Subdivision Infinity originally launched on mobile platforms in 2017. Two years later it makes the move to all major platforms. We’ve seen this plenty of times this generation, particularly on Nintendo Switch. The question is, can Subdivision Infinity DX shed its mobile trappings and take on new life in the console space?
Subdivision Infinity DX is a level based, 3D space shooter with a single player campaign spanning five environments and a total of twenty-five missions. Each level sees you dropped into a very large environment where you’ll be tasked with flying to waypoints and shooting enemies. Occasionally you’ll be asked to defend a ship or hold position while you download data. Overall mission variety is somewhat lacking, as is enemy variety. I felt as though I was repeating the same few mission types in each environment. Only a couple missions presented a significant challenge and I was able to cruise through on normal difficulty in just a couple short play sessions. Optional exploration missions provide some variation, where you can gather resources to build additional ships. However, I found that I was better off using the ships available for purchase, as I always seemed to have plenty of money.
First impressions of Subdivision Infinity DX are actually very strong. When you start a new game you’ll be greeted by a fully 3D and highly detailed view of your cockpit as ships zoom past outside. Some quick text outlining what could be an interesting story is provided before your ship jumps to hyper speed. Strangely, the detailed cockpit is never to be seen again, as the rest of the game can only be played in third person. Additional story points lack the polish of the opening moments, being replaced by simple dialogue boxes and generic looking character portraits. As the plot developed I found myself paying less and less attention to it. Characters all have bland personalities and the text itself had noticeable grammatical errors. There is no voice acting either, so the game completely pauses any time a character needs to speak during a mission.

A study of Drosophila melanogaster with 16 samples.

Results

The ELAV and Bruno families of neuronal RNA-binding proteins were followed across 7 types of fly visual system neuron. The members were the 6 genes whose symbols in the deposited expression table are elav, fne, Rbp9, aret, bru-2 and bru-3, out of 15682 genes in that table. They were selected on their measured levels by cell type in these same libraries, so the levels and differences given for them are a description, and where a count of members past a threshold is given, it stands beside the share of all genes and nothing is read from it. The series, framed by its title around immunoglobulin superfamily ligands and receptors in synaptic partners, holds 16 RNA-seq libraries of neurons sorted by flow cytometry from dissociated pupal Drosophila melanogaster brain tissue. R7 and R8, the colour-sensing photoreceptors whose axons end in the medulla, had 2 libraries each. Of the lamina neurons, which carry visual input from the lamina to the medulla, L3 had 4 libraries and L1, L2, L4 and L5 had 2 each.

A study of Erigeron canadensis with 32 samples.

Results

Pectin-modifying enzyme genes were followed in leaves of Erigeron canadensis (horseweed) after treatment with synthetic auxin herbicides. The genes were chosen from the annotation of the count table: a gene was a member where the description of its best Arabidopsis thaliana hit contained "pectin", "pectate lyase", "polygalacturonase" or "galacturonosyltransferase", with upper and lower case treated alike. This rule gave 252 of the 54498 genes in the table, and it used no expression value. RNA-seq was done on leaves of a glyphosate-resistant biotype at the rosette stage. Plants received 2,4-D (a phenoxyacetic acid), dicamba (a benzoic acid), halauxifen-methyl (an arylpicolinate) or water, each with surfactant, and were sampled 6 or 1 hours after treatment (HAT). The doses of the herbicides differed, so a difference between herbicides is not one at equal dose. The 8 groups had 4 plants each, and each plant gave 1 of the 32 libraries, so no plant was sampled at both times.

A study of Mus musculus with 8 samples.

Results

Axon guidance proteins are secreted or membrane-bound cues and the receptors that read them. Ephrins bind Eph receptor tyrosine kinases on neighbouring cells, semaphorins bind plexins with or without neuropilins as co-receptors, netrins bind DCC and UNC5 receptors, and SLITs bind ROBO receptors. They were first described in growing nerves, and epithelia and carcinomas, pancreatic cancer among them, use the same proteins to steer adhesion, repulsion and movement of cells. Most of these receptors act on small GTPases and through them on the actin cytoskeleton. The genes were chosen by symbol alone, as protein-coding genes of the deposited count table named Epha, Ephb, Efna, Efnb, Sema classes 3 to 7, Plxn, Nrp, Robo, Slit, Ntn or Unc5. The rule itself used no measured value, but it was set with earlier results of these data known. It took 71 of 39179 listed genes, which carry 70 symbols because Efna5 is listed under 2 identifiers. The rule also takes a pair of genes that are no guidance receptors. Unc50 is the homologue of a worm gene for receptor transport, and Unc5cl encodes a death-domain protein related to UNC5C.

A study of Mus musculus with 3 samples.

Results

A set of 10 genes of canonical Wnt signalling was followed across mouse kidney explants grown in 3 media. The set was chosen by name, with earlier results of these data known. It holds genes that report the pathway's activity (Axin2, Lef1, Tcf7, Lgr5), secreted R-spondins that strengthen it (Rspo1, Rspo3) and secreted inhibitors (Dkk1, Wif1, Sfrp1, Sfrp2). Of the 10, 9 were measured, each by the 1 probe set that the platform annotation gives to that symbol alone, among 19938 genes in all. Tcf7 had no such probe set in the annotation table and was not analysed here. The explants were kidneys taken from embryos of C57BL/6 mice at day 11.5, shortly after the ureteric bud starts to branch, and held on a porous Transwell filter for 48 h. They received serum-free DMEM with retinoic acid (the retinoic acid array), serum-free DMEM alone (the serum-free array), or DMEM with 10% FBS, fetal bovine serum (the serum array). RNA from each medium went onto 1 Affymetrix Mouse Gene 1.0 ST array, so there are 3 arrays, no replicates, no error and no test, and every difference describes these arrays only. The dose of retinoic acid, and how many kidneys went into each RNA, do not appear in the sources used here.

On the bright side, Subdivision Infinity DX controls very well. Control layout is very similar to Everspace, another recent title involving space-based combat. You’re given full control of both rotation and movement along each axis. I’ve mentioned it in other reviews, but this one factor is key in making this genre work. Your ship can can include up to two primary weapon slots along with a secondary weapon. Your primary weapons will fire in tandem, though each feature their own energy or ammo gauge. The secondary weapon is reserved for missile systems or a mining laser. The mining laser does bring with it one odd implementation choice. It can only be used during exploration missions and will not function at all during primary story missions. However it must be manually equipped and unequipped in order to swap it out for missiles. I’d regularly start up a story mission only to realize that I had left the mining laser equipped, which would result in a non-functioning secondary weapon. One would think that the mining laser could simply be given its own button or automatically swapped in for exploration missions, since that is the only time its useable.
On the graphical front, things generally hold up pretty well. Ships, effects, and most of the environments look good weather playing docked or handheld. Frame rate can certainly be an issue when large explosions fill the screen. While it is rare that these instances have an actual effect on gameplay, it can certainly happen. Resolution remains quite sharp in both configurations, so I do wonder if a more dynamic approach to resolution could address these occasional performance issues. There are also certainly areas of environments, such as asteroids, that show their mobile origins. Secondary environmental details like these often sport a lower polygon count, as well as blurry texture work. It’s clear that most of the details went into the ships, which while excusable, does stand out when playing on a television rather than a smartphone.
Subdivision Infinity DX is a functional 3D Space Shooter that handles great but does absolutely nothing to define itself. It serves as yet another example of a game that in the mobile space exhibits above average effort, yet falls firmly into the realm of mediocrity when ported to a full console. There is certainly some fun to be had here, but it is all fun that has been done better by other 3D space shooters on Switch.